The other day I was driving along the lake just north of Chicago in the 'burbs, and got out of my car to take a picture of a local landmark which, in all my years here on the North Shore, I'd never photographed before.
A very brief backstory.
When I was growing up, there were only three Baha'i Temples in the world. Today, there are more, but just barely, still a mere eight. That's not a whole lot of houses of worship for an international religion. If you've ever seen a picture of a Baha'i Temple, you can see they're magnificent structures, but however gloriously you build it, that's still hardly many. And not only are they few, but they're dotted in exotic or obscure locales around the globe, like Ashgabat, Turkmenistan, and Kampala, Uganda, and Delhi, India.
And for reasons I've never been able to understand -- in Wilmette, Illinois. On Sheridan Road, bordering Lake Michigan
As far as I can tell, the North Shore suburbs of Chicago is not, nor has ever been (nor likely will ever be) a hot bed of the Baha'i faithful. Sheridan Road borders Lake Michigan which is laden with old-money mansions. The El that takes you to Wrigley Field is four blocks away. My high school, New Trier, is about a mile north. If you watched the original Bob Newhart Show, when Dr. Hartley left his exclusive high-rise in the opening credits, that luxury complex of apartment buildings was just down the road
And in the midst of all that was, at the time, one of only three ultra-magnificent Baha'i Temples on earth.
Seriously, I have no idea what they were thinking. Maybe they spun a globe and threw a dart.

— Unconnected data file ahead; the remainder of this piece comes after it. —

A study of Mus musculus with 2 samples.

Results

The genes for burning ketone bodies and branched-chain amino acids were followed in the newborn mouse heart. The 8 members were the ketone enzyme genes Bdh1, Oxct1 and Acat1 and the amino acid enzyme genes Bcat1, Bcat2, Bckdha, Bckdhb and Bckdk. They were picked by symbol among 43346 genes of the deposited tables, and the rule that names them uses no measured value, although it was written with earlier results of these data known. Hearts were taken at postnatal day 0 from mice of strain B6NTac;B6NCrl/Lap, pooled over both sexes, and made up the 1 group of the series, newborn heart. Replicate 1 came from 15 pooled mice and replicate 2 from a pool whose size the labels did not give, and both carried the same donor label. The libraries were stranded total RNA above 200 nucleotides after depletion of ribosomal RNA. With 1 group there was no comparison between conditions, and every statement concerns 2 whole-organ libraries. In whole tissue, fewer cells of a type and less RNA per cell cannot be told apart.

Mind you, I've always been glad it was there. It was always a joy to drive along the winding Sheridan Road and see the tip of the temple's dome peek through the trees, and then as you curved around the street, this majestic structure from another time would loom up.
Over all the many years I've driven past the Baha'i Temple, I only went in once. There may have been other rooms for worshiping or meeting, but all I remember is just one big open room and a very high view upward. It was a fascinating combination of simple and ornate -- the design was meticulous and gorgeous (as you might suspect), but it was fairly barebones. I also don't recall any clergy "officials" there, though I'd think there had to have been. But it was all very low-key, and meditative.
I only mention this all so that the next time you're planning to go to Tiapapata, Samoa, to visit a Baha'i Temple, just know there's one closer.
You can't miss it. It's right across the street from Gillson Park.